A divided U.S. privacy-policy board concluded the National Security Agency’s collection of bulk telephone data is illegal and should be stopped, giving fresh support for opponents of the government’s surveillance programs.
A presidential advisory panel on government surveillance recommended satisfying a demand of Internet companies such as Yahoo! Inc. and Facebook Inc. while putting new burdens on telecommunications providers to retain data for future snooping.
Government spying on Internet and telephone communications would be allowed to proceed with new limits on the broad collection and storage of the data, under recommendations by a White House advisory panel.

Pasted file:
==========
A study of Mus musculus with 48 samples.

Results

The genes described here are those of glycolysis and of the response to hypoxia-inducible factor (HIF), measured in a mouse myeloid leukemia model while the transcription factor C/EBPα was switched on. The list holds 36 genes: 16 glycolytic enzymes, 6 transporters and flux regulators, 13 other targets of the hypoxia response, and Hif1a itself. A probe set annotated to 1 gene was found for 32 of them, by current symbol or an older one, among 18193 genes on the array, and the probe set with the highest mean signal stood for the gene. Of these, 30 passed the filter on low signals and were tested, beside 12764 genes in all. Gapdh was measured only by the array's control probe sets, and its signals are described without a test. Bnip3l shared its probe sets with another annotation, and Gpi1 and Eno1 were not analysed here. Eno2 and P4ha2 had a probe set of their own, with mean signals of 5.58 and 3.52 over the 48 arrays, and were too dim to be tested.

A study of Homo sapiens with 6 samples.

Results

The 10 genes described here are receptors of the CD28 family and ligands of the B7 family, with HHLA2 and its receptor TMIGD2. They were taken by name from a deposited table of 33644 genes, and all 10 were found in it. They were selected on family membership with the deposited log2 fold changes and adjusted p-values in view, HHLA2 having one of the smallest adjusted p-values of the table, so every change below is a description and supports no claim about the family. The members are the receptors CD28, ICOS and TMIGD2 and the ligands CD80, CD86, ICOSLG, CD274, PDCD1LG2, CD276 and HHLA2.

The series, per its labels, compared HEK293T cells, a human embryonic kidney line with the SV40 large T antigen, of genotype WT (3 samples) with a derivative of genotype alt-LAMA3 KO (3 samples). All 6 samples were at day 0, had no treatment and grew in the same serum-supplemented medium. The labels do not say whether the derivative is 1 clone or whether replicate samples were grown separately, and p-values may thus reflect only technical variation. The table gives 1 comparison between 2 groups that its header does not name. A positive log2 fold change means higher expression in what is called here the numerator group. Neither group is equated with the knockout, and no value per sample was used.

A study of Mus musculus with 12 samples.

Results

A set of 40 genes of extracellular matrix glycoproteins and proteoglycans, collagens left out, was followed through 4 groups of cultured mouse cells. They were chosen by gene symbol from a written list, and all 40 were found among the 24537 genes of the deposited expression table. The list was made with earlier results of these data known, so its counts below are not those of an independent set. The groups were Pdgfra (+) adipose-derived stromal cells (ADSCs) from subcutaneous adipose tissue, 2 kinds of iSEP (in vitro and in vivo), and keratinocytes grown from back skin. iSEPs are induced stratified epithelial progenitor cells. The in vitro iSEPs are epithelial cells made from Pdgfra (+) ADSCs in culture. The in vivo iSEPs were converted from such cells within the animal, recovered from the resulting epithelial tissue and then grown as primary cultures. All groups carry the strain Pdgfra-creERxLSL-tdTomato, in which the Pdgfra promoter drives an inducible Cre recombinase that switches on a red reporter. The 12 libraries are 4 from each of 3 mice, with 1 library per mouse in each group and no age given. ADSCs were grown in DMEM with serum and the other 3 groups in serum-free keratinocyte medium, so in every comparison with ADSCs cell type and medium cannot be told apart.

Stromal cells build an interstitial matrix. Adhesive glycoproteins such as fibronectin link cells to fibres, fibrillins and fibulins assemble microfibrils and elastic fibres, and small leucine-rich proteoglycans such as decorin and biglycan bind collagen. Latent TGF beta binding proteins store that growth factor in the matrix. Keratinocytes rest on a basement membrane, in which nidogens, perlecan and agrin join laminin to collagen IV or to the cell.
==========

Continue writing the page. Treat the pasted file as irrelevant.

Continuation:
Google Inc. said it didn’t pay people to write about Oracle Corp.’s lawsuit against it over Android software, although nonprofits, universities and trade groups receiving Google money have commented on the case.
A lobbying push by Apple Inc., Facebook Inc. and other companies has won bipartisan support for legislation to let them say how they handle sensitive requests for surveillance data from the National Security Agency.
Disclosures that the U.S. National Security Agency can crack codes protecting the online traffic of the world’s largest Internet companies will inflict more damage than earlier reports of complicity in government spying, according to technology and intelligence specialists.
There’s a tie that binds the U.S. Securities and Exchange Commission’s separate probes of SAC Capital Advisors LP founder Steven A. Cohen and Fabrice Tourre, the former Goldman Sachs Group Inc. vice president.